When Caroline Vloka faced rival Rebecca Ward in the fencing NCAA finals, she was not thinking about a title. Having lost to Ward in the championship sabre bout last season, 15-4, Vloka was simply hoping for a better showing.
Instead, she left the competition as a national champion.
“When I started out the season, I wasn’t going in with any expectations,” the sophomore co-captain said. “But always, in the back of my mind, I remembered the loss last year.”
After taking a summer off from intense training, Vloka took second place at the NCAA Northeast Regionals and earned the silver medal at the Garret Penn State Open.
She led her team to a 15-8 record and a final No. 9 national ranking.
Despite having a sophomore regular season that was, on paper, less successful than her rookie year, Vloka entered the NCAA Championships, held in Cambridge, with a finals appearance in mind—hoping for one that resulted in more than four points.
When Duke’s Ward qualified for the title bout, more than a medal was at stake. Vloka’s 15-13 victory over Ward was less about a championship and more about a comeback, a long-awaited victory over a decade-long rival.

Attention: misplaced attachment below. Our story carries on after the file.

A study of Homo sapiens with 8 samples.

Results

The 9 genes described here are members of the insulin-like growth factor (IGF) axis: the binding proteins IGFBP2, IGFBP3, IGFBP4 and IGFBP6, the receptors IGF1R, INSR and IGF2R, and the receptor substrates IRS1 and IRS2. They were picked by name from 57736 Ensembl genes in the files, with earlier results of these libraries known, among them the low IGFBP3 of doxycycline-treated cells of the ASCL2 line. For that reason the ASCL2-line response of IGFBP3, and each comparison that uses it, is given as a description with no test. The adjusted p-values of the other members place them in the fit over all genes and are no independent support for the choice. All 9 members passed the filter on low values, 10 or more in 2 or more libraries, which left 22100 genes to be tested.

“It didn’t set in until a week later that I actually finally beat her,” Vloka said. “Every time I think about it, I have such an emotional reaction. Everyone knows how much this win means to me.”
Teammate Karl Harmenberg is one who knows how much the victory meant.
“It’s a destiny story,” the men’s co-captain said. “She won the championship bout at home against a girl she’s never beaten. If anyone would do it, it would be Caroline.”
Vloka entered the final day of NCAA competition in fifth and earned 19 wins to capture the title.
In addition to her national title, the sophomore was also named to the All-American and All-Ivy League First Teams for the second year running.
Vloka’s success this year, particularly in the postseason, is due to a different, more relaxed attitude, complemented by an unchanging competitive, confident spirit.
“Caroline is very confident on the strip,” sophomore teammate Valentin Staller said. “Whether she’s competing against a weak fencer or an Olympic medalist, she gives it her best.”
“She’s a great fencer physically, tactically, and mentally,” Harmenberg added. “She can handle the pressure.”
With two years left in her career at Harvard, Vloka will likely continue her success as a captain and competitor.
“I would love to be in the finals for the next two years,” the champion said. “Hopefully I can stay at the top.”
—Staff writer B. Marjorie Gullick can be reached at email@example.com.